It seems like almost a lifetime ago when I was young student at the University of Waterloo that I found that there was a course on Ukrainian Literature taught by their department of what was known as “Slavic Studies”. Overestimating my fluency in the Ukrainian language, I decided to enrol.
The course was taught by a venerable looking older lecturer by the name of Professor Shelest. It was rumoured that he was a distant cousin of Petro Shelest, at that time the First Secretary of the Communist Party of Ukraine, but I was never able to confirm that this was true. In any case, it did not take me long to find out that my competency in the Ukrainian language was clearly inadequate in meeting the demands of the readings that were required for this course. Although the course was taught in English and classroom discussions were likewise in English, we were required to read the works of prominent Ukrainian authors in the original language. I realized very quickly that my Grade 6 diploma from Ridna Shkola was not up to the task.
The course was a broad-spectrum overview of Ukrainian literature from its roots in 1798 when Kotliarevsky’s “Eneida” became the first book published in the contemporary Ukrainian language, to the then current works of officially sanctioned Soviet authors. The library at the University of Waterloo had a fairly decent selection of Ukrainian books, and we were assigned readings each week for discussion during our classes. I struggled mightily with my Ukrainian – English dictionary close at hand, and was able to scratch the surface of what I discovered was a vast trove of exceptional works that I had previously never known existed. Prior to taking this course, the only Ukrainian author that I was aware of was Taras Shevchenko, whose legend and works had been drummed into me by Ukrainian church, school, organizations and parents since I first learned to read and write.
During the two semesters that I took the course, I was exposed to the poetry and prose of a slew of brilliant Ukrainian writers, including Ivan Kotlyarevsky, Ivan Franko, Marko Vovchok, Lesya Ukrainka, Mykhailo Kotsiubynsky, Panteleimon Kulish, Hryhoriy Skovoroda, Vasyl Stefanyk, and Volodymyr Vynnychenko, among others. We even delved into the dissident contemporary literature of Soviet era writers such as Mykola Zerov, Volodymyr Sosyura, Maksym Rylsky, Vasyl Symonenko and Mykola Khvylovy. To be sure, my knowledge of Ukrainian was not at the level of being able to fully appreciate the full essence of what I was reading, but it was good enough for me to gain a better understanding of the depth and richness of Ukrainian literature.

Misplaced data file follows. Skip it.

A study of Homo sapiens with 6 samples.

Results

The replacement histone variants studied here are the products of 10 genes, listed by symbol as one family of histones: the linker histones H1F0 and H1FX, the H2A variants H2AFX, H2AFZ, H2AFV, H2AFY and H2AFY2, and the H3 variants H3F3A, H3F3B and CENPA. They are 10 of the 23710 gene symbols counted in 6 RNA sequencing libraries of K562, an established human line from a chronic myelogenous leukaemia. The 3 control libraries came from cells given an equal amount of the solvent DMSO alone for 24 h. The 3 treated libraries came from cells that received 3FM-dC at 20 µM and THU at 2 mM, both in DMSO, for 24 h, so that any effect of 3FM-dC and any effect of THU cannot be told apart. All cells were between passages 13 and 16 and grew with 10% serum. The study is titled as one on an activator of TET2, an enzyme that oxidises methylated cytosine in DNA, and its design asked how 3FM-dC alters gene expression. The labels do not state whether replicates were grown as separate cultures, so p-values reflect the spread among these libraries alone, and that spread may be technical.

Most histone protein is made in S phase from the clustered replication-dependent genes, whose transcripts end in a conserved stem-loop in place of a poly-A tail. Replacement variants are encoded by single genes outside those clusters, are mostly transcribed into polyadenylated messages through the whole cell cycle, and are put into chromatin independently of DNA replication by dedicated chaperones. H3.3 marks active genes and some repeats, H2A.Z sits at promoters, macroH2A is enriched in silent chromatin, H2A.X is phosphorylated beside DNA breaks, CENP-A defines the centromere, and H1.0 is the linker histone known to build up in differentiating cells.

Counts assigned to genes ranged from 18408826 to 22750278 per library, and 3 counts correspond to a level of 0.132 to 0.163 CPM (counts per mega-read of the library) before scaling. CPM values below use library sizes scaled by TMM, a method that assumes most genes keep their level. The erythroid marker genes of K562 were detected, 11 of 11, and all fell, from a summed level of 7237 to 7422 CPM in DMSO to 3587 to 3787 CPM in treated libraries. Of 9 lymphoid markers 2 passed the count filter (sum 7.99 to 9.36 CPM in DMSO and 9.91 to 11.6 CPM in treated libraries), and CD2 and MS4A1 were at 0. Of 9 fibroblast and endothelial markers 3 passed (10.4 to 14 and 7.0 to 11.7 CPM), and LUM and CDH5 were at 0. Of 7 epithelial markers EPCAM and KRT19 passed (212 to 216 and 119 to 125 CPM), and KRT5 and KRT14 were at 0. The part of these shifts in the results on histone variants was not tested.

Over the decades that followed, my Ukrainian language skills improved as I became more active in Ukrainian organizational life in Canada and began using the language on a regular and frequent basis. This was significantly accelerated when I had the good fortune to be able to live and work in Ukraine for some five years in the early 90’s and the first decade of the 21st century. While living in Ukraine, I also became exposed to a newer generation of Ukrainian writers such as Pavlo Zahrebelnyi, Yuri Andrukhovych, Oksana Zabuzhko, Oleksandr Irvanets, Lina Kostenko and Serhiy Zhadan. It would be fair to say that Ukrainian literature is as rich as any on the world stage, though it does not often get the recognition it deserves, even among diaspora Ukrainians.
Part of the reason for that, is that most of this rich treasury of literary works have never been translated into the other major world languages. As we all know, the Ukrainian diaspora is quite numerous and widespread outside of Ukraine, though it would be fair to say that the majority of this diaspora is now second and third generation removed from its roots, and most of these generations possess only rudimentary if any Ukrainian language ability.
I do see some signs of hope though. This past week, as I was searching to purchase some books on Amazon, that colossus of Internet shopping, I was surprised to stumble across a number of works of Marko Vovchok that had been translated into English, including “The Way Things Were” and “Stories From Ukraine”. Digging a little deeper, I found English translations of works by Taras Shevchenko, Ivan Franko, Lesya Ukrainka and several other classical Ukrainian authors. Not only that but there was a good selection in English of contemporary Ukrainian authors such as Oksana Zabuzhko and Yuri Andrukhovych. There is now no excuse for diaspora Ukrainians whose Ukrainian language skills are not great, to not explore the literature of their ethnic roots. I promise you that you will be well rewarded.